Friday, November 4th, 2016 at 8:45am Engel & Völkers Austin

After Austin was named the 2nd best investment market just a year ago, the area has now climbed to the top spot eclipsing our neighbors to the North in Dallas!  According to the annual Emerging Trends in Real Estate report from PwC US and the Urban Land Institute, which interviews thousands of the top investors in the country this years top spot belongs to the Capital City!  

"Viewed as a fluke when it hit the study's top 10 list five years ago, Austin’s rise to the top of the list signals the durability of the city’s long-term appeal to investors," says Mitch Roschelle, PwC partner and real estate research leader, in a release. "Austin, along with many of this year’s top 10 cities, boasts attractive, niche neighborhoods and a vibrant, diverse economy."

The report goes on to say, Despite Austin’s growing popularity, it remains a comparatively small market in terms of investment opportunities. While Austin is unlikely to attract a meaningful amount of off-shore capital, it tops many domestic investors’ wish lists. This makes the market very competitive. Despite the amount of competition, local, regional, and national real estate participants operate in relative harmony in the market. This cooperation has helped keep adequate levels of debt and equity capital available for investment opportunities.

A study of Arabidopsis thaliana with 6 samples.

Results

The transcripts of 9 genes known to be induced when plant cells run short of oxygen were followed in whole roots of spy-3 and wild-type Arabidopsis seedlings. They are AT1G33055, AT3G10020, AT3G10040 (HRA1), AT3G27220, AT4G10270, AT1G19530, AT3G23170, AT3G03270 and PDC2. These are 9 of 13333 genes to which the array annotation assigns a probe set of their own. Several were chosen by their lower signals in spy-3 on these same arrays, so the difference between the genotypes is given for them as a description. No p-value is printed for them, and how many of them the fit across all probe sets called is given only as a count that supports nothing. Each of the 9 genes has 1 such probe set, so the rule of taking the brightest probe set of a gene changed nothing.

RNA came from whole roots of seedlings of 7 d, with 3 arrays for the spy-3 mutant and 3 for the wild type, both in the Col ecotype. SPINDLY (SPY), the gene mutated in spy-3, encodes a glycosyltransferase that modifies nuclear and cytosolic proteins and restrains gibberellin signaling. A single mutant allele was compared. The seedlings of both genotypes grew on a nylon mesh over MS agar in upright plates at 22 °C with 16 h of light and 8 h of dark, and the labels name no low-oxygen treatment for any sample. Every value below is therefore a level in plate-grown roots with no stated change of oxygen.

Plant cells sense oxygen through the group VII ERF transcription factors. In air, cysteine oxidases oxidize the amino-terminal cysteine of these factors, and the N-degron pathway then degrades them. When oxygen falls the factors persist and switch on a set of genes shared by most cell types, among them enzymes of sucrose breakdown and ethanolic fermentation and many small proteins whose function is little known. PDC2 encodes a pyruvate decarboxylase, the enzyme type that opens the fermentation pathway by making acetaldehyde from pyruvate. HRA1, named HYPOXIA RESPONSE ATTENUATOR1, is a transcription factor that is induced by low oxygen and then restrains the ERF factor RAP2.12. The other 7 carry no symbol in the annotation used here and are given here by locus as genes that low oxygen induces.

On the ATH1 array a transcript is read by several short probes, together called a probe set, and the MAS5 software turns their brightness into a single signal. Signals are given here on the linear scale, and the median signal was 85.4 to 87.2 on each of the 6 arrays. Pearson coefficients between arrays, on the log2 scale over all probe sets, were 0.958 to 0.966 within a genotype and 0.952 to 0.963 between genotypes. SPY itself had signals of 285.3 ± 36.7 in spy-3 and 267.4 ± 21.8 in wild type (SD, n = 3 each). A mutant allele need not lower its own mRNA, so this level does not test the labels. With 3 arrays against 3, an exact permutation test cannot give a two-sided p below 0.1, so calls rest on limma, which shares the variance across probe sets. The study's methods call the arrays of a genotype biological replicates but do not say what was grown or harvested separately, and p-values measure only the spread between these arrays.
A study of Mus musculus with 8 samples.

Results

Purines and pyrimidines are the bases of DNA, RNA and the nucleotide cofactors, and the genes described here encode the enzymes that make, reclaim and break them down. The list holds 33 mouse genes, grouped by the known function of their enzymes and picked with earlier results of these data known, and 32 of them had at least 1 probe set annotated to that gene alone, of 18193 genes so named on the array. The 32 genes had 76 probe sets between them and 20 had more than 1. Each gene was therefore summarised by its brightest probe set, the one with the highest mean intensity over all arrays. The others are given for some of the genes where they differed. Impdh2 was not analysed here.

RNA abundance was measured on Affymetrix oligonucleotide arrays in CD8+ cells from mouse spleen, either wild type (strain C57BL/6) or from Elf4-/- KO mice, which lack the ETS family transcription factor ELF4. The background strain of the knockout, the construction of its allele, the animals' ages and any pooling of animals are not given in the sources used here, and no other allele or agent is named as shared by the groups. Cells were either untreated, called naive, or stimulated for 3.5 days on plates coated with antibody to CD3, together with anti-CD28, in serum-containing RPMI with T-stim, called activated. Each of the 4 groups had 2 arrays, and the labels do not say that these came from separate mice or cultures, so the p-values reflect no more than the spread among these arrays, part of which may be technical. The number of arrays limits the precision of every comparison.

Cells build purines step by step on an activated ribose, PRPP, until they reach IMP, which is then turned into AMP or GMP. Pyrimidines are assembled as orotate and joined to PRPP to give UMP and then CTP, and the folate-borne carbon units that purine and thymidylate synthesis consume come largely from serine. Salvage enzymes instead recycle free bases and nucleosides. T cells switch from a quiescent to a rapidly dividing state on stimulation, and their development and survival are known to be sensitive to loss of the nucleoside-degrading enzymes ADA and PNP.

When the issues of affordability and population in Austin which we all know our hotbed issues within the community are addressed in the report experts went on to say. "The housing market, both multifamily and single-family, appears to be making adjustments to match supply with the requirements and locations desired by the changing population base," states the report. "To address transportation concerns, the market is likely to continue to see more mixed-use development not only to bring compatible uses together, but also to enhance the experiential feel of developments."

Along with Austin and Dallas the report also includes San Antonio (32) and Houston at 40.  Houston's drop is tied to the struggling domestic oil market.